Scientific MOOCs follower. Author of Airpocalypse, a techno-medical thriller (Spring 2017)

Welcome to the digital era of biology (and to this modest blog I started in early 2005).

To cure many diseases, like cancer or cystic fibrosis, we will need to target genes (mutations, for ex.), not organs! I am convinced that the future of replacement medicine (organ transplant) is genomics (the science of the human genome). In 10 years we will be replacing (modifying) genes; not organs!

Anticipating the $100 genome era and the P4™ medicine revolution. P4 Medicine (Predictive, Personalized, Preventive, & Participatory): Catalyzing a Revolution from Reactive to Proactive Medicine.

I am an early adopter of scientific MOOCs. I've earned myself four MIT digital diplomas: 7.00x, 7.28x1, 7.28.x2 and 7QBWx. Instructor of 7.00x: Eric Lander PhD.

Upcoming books: Airpocalypse, a medical thriller (action taking place in Beijing) 2017; Jesus CRISPR Superstar, a sci-fi -- French title: La Passion du CRISPR (2018).

I love Genomics. Would you rather donate your data, or... your vital organs? Imagine all the people sharing their data...

Audio files on this blog are Windows files ; if you have a Mac, you might want to use VLC ( to read them.

Concernant les fichiers son ou audio (audio files) sur ce blog : ce sont des fichiers Windows ; pour les lire sur Mac, il faut les ouvrir avec VLC (

Avaler un microprocesseur comme un médicament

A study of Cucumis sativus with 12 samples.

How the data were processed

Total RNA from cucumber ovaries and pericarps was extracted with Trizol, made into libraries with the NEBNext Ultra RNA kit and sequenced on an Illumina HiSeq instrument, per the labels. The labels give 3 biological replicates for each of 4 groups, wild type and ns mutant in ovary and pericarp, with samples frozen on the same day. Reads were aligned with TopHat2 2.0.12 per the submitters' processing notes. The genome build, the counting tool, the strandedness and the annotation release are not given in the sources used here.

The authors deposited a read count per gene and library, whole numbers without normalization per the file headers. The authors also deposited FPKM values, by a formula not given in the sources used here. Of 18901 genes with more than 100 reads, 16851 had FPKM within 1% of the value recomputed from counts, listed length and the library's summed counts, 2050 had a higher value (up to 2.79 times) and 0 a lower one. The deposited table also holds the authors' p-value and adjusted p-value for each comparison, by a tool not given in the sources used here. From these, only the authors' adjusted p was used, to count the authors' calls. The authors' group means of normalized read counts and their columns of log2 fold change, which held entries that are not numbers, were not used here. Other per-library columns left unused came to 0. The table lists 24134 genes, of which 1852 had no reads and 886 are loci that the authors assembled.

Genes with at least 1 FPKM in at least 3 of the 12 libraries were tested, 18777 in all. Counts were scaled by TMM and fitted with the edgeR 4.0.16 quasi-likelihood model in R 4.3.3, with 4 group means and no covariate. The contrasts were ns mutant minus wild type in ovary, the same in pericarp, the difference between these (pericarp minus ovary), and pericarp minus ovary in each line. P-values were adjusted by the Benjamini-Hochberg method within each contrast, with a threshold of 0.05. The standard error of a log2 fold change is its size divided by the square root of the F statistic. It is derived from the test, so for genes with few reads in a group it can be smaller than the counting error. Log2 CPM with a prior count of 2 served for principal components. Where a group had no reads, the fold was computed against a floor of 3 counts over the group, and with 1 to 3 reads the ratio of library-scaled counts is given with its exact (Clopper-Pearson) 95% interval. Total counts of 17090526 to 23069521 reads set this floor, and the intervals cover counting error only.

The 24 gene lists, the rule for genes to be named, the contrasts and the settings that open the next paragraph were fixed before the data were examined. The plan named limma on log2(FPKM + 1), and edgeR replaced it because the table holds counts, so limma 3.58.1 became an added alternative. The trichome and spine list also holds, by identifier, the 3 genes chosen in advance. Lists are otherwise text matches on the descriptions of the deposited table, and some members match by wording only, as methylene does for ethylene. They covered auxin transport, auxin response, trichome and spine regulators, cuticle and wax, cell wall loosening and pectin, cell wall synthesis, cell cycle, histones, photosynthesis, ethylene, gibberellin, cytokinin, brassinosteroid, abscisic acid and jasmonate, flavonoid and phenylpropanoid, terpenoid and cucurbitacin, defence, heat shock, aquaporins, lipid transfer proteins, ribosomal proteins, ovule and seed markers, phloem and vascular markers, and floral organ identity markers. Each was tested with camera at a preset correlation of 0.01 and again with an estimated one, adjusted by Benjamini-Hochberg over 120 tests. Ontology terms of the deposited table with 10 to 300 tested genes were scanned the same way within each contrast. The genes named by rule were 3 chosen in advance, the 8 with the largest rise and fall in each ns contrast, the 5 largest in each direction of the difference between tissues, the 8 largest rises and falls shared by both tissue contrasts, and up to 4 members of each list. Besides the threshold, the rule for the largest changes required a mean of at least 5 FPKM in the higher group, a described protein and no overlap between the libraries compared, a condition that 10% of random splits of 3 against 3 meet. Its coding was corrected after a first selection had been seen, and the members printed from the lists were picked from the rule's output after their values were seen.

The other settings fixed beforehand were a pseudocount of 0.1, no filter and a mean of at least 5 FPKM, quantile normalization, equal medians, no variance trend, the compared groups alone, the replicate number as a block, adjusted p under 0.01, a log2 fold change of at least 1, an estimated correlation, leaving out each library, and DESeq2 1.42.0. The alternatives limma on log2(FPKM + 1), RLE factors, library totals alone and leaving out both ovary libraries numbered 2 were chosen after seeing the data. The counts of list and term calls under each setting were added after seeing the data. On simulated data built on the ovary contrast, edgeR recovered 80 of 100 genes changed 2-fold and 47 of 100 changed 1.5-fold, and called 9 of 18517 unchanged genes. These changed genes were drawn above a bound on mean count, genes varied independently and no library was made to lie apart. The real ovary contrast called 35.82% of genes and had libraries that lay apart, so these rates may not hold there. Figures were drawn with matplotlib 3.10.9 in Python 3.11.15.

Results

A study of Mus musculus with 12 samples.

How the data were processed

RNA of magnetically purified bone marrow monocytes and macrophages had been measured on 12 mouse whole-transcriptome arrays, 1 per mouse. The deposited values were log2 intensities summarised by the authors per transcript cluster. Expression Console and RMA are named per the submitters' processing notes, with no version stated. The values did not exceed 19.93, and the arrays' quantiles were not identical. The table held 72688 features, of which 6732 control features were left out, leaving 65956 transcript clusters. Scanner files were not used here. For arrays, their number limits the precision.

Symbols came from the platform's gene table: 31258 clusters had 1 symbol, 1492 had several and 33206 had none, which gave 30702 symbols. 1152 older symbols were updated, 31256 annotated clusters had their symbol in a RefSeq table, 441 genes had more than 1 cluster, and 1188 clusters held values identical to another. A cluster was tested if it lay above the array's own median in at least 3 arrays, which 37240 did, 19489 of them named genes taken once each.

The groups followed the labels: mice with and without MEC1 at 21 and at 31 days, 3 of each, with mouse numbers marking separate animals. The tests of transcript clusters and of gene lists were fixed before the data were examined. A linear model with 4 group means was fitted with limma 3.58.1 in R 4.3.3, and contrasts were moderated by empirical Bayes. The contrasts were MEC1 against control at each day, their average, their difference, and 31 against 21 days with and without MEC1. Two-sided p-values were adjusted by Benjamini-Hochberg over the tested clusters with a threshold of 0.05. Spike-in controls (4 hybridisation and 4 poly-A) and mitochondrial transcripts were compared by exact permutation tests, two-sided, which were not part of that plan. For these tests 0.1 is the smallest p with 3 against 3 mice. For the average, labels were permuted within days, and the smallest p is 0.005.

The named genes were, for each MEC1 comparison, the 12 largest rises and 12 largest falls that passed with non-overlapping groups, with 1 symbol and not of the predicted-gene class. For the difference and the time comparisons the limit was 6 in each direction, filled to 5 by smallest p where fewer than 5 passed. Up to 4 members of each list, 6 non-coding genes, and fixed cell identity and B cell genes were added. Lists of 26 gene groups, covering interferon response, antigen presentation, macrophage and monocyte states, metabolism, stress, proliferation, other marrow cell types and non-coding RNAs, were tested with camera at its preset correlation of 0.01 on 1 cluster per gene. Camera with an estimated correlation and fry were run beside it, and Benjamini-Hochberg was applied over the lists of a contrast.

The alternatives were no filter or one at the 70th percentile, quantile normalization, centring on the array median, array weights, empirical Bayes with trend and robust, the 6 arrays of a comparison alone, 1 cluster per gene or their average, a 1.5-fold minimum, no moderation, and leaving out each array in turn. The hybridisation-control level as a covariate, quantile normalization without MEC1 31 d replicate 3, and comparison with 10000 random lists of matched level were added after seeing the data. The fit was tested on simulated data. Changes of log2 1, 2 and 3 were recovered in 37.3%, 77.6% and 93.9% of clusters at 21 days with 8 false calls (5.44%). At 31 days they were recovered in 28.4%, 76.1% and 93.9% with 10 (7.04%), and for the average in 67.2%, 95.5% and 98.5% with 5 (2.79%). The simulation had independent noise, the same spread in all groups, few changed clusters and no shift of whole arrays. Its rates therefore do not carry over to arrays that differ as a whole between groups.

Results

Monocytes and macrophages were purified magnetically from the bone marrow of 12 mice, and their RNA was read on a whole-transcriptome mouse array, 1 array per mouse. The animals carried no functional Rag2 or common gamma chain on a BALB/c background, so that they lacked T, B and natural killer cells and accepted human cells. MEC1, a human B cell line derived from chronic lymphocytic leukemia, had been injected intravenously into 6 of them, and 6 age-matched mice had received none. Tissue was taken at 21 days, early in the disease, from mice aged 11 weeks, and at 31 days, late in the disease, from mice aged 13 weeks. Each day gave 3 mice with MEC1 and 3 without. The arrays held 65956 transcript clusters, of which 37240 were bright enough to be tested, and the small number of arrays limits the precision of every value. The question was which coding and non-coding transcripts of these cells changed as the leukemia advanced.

JM Billaut (BNP Paribas) : "Bientôt vous allez avaler un microprocesseur comme médicament... si, si ... Mais un "chip" ou une puce électronique, pour fonctionner, allez-vous me dire, a besoin d'électricité ... Qui fait la batterie ? Vous ... Ah ma p'ôv dame quelle époque !" (03/08/2012)

A mon avis, il va falloir accompagner l'innovation et contribuer à changer les perceptions ... Comment l'industrie pharmaceutique s'adapte t'elle à l'émergence des "biotechs" (alliance de l'électronique et du médicament) ? ...

"The era of digital medicine just got one step closer to reality. The U.S. Food and Drug Administration (FDA) has for the first time approved a digestible device — a sand-particle sized microchip that can be embedded in drugs to monitor patients’ response to treatment, according to a new report in Nature.
The device is currently only approved for use with placebos but Proteus Digital Health, which is developing the technology, hopes approval with other drugs will be forthcoming in the near future. Co-founder and chief medical officer for Proteus George Savage tells Nature the enhanced pills could be used to treat everything from drug-resistant tuberculosis to diabetes.
'The point is not for doctors to castigate people, but to understand how people are responding to treatments,' Savage tells Nature. 'This way doctors can prescribe a different dose or a different medicine if they learn that it’s not being taken appropriately.'

So how does this digital pill work? The sensor itself is made of a tiny silicon chip containing trace amounts of magnesium and copper. When a patient swallows it, the pill generates slight voltage which responds to digestive juices. The voltage sends a signal to a patch worn by the patient, which transmits relevant information to a healthcare provider’s mobile device.
If that sounds like something out of a science fiction movie, get ready for a whole new world of healthcare. Nature reports similar technologies in the works include implantable devices that wirelessly inject drugs at pre-specified times and sensors that would deliver a patient’s electrocardiogram to their smartphone."